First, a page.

The base model iPad has a landscape camera (sweet!), but only has support for the first generation Apple Pencil. This Pencil has to be charged via a Lightning cable, which, of course, the base model iPad doesn’t have. It has a USB-C port. You need a cable and an adapter to charge the Apple Pencil.

The latest iPad Pro received the latest M2 chip. Despite everyone screaming for better iPad software, the latest M2 chip and a new Apple Pencil hover feature are all we get after 18 months of iPad Pro development. There could be some Wi-Fi improvements in there, I guess.

The newest Magic Keyboard iteration looks awesome, with a variety of features basically hand-picked from the Microsoft Surface design language. It even has function keys. Naturally though, it doesn’t work with the latest iPad Pros, last year’s iPad Pros, and this year’s iPad Airs. It only works with the base model iPad.

Which iPad should you get? iPad 10? The iPad Air with the M1 chip? The iPad Pro? An iPad Pro with M1 chip on sale? An iPad mini? What’s the iPad Air doing in the lineup? I’m so confused.

iPadOS 16.1 is entering release territory and Stage Manager remains a catastrophe. Once stable apps constantly crash in the public beta. Shortcuts actions don’t work. And perhaps the one cool collaboration app — collaboration and canvas-style apps being one of the iPad’s core competencies — are still a ways out.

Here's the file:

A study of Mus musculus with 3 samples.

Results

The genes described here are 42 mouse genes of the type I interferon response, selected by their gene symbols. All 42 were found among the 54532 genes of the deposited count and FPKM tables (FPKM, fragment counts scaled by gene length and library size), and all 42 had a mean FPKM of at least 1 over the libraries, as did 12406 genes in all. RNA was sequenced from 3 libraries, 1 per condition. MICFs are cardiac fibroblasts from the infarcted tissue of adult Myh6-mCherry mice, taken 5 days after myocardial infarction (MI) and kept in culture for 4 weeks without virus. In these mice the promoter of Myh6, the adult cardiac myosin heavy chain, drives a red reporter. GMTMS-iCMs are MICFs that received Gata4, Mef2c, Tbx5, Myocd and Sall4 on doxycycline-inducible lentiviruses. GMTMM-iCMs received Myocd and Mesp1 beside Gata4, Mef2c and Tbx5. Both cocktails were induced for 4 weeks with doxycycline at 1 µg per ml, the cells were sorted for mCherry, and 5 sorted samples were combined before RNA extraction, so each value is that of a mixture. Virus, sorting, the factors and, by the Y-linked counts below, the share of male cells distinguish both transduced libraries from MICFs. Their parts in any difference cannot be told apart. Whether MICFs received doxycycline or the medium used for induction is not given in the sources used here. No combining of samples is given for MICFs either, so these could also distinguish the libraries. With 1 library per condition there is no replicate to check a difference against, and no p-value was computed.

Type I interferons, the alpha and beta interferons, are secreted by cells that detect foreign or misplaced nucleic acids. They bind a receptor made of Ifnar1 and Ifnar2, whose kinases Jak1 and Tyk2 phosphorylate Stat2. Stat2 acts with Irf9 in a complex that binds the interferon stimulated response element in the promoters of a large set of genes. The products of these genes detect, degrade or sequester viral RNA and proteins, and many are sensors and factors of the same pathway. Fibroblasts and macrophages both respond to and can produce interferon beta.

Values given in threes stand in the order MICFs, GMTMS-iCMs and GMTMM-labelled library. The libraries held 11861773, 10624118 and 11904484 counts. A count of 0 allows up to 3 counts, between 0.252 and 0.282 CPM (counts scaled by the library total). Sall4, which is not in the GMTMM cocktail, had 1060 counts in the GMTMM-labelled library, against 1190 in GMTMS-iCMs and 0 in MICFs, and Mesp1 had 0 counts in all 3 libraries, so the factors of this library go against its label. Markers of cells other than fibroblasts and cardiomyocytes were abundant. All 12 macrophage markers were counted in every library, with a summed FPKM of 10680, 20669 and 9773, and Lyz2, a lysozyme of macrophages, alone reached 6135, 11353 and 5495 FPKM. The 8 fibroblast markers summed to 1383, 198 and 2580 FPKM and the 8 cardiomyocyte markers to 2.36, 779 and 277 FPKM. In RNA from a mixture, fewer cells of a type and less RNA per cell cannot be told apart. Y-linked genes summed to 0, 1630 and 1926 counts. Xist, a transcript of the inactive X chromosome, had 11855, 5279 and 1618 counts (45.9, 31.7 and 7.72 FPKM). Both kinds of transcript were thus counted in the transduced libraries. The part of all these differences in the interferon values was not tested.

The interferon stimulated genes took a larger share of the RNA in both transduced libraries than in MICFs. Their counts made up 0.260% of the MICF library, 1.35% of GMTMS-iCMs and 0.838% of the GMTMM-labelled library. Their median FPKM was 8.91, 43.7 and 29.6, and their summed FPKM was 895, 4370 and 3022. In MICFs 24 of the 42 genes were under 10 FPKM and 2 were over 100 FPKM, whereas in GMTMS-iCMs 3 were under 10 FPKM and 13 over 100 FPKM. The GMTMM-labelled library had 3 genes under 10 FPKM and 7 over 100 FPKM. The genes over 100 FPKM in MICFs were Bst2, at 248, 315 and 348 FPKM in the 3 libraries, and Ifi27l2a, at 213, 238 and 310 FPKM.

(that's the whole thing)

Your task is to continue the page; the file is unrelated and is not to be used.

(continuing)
All of this spells absolute mayhem in iPad land.

Just a few short years ago, there were many Mac users questioning whether Apple cared anymore about the desktop and laptop platform. The butterfly keyboard was a disaster. USB-C-only pro laptops were met with giggles and disdain. That Core i9 overheating fiasco — whether it was Apple’s fault or not — led to many-a-freezer meme. Users rightfully called Apple out for their poor development of the Mac platform.

The result was the current generation of Mac computers. Perhaps we’ve never seen a better Macintosh line-up than we currently have. The M1 Pro/Max/Ultra chip has ran circles around the competition and it’s hard to find a bad word about the current 14-inch and 16-inch MacBook Pros.

It’s time that same voice is heard regarding the iPad platform. At this point, I wonder whether Apple even knows what the iPad is. Perhaps the iPad isn’t actually anything specific. Perhaps it’s something different to different people.

We’re over 10 years into the iPad platform and I don’t think the state of the platform has ever been worse. I’ve owned them all except for the third generation iPad — the one that got considerably thicker to accommodate the new Retina display — and I’m skipping out on all the latest iPads this year. Maybe I’ll sell off my M1 iPad Pro because it still has a ton of value after today. I could get this new base model iPad for my girls. But then I wouldn’t know how to charge the Pencil without my three-year-old breaking off the Lightning connector.

The iPad isn’t beyond repair. But the current state of affairs is proving those “Just a Big iPhone” bros right.